Last updated: August 3, 2017
Cryptobiotic soil is integral to the developing platlife in the Valley of Ten Thousand Smokes. NPS Photo.
When exploring the Valley of 10,000 Smokes in Katmai, you might accidentally step onto a distinct shiny dark earth crust. As you look closer at the ground layer called cryptobiotic soil, miniscule plant life like lichens and mosses growing over this ground layer come into focus.
In 1912, Novarupta spewed out ash for three days, leaving a thick layer over the Valley. This cataclysmic event changed the soil composition of the heart of Katmai.
Cryptobiotic soil, which is fundamentally a crust containing living organisms like cyanobacteria, started to colonize the ash deposits and surrounding tundra in the Valley soon after. Nowadays, it is nearly impossible to miss the precious soil when venturing into the Valley of 10,000 Smokes. This can be a problem though because our presence can have direct effects on growth and development of these soils.
Cryptobiotic soil is a dry, fragile layer. In the face of footsteps, erosion and overall impact, it can be damaged and hold impressions for as little as 20 years in wetter climates and as long as 1000 years in arid desert climates. Keeping on trails, or when it comes to bushwacking in Katmai, stepping on sturdier, less vulnerable soils and covers, can reduce human impact on cryptobiotic soil processes and growth.
Photo courtesy of A. Ramos: A path from human traffic cuts through cryptobiotic soil.
One of the oldest known living things on this planet, this type of soil restructured the Earth’s atmosphere and is a huge part of why other organisms can live and grow on this planet. The main driver of this rich soil is the cyanobacteria, which help collect sunlight for nutrition. Flora with cyanobacteria, such as certain lichen growing on the cryptobiotic soils, can regulate nitrogen levels of the surrounding area to ensure a healthy atmosphere.
Even more interesting, cyanobacteria offers UV-protective pigmentation, which is what makes the biological soils in the Valley black and dark. This darkness lowers the amount of light reflected off the soils, which increases how much sunlight and energy is absorbed. If you were to touch the soil, it would be warmer than other dirt and soils in the area.
Cryptobiotic soil, sometimes called biological soil crust, can store water and nutrients in the barren, semi-arid Valley of 10,000 Smokes for long periods of time, which allows plants to grow overtop of the crust. The organisms on the crust do not always get sunlight when they have to compete with larger plants, which is why more barren landscapes are ideal for cryptobiotic soils to proliferate. But, the soils are only active in respiration, photosynthesis, and nitrogen fixation when they are wet. Harsh conditions on the Alaskan Peninsula, along with rising global temperatures, mean that biological soil crusts may not get wet as often. They then have less carbon to breathe and less time to photosynthesize.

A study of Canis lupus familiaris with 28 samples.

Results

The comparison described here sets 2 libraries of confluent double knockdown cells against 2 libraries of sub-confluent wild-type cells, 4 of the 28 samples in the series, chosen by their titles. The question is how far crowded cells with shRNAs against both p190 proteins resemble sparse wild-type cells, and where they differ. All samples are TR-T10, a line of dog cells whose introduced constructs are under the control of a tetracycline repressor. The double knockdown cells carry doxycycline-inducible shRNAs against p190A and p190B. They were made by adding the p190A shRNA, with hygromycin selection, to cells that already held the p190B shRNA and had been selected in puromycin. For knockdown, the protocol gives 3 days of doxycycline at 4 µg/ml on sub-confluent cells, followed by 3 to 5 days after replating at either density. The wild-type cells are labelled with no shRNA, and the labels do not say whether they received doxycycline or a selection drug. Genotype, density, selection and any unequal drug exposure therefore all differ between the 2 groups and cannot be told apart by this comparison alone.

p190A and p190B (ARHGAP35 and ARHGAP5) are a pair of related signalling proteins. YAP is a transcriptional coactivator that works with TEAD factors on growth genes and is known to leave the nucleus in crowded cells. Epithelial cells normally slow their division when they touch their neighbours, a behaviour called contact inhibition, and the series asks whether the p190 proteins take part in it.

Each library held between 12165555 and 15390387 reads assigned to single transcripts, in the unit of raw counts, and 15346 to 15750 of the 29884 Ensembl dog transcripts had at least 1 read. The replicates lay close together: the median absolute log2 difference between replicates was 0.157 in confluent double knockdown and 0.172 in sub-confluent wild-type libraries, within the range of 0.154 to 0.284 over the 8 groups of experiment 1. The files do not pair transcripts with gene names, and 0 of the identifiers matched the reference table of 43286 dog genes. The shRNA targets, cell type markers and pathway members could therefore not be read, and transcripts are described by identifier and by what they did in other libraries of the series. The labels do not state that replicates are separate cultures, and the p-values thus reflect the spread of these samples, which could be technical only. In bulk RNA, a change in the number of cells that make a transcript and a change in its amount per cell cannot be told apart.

While you are walking in Katmai, on journeys such as the one to Ukak Falls from the Robert F. Griggs Visitor Center, you can minimize human disturbance to these areas through Leave No Trace principles. The easiest way to prevent intrusion is to avoid walking on biological soil crust or riding on them with vehicles. Walking on cryptobiotic soils can destroy parts of the crust, allowing for more wind and water to erode the area and the photosynthesis-dependent organisms to be buried under other dirt and soil. If you do encounter an area covered in cryptobiotic soil, walk in a single-file line as to minimize the area your group is disturbing.
After Novarupta emitted ash in 1912, life forms in the Valley were not very active. Cryptobiotic soil gave this area hope for regeneration and colonization of the area by flora and fauna. In Katmai, where everything is hardy and tough, protecting these fragile and extensive areas is often overlooked. With Leave No Trace ethics, we can not only reduce our impact on the cryptobiotic soils but also help the growth of other parts of the Valley’s ecosystem.
Photo courtesy of A. Ramos: Pink flowers grow out of bilogical soil crust near Novarupta.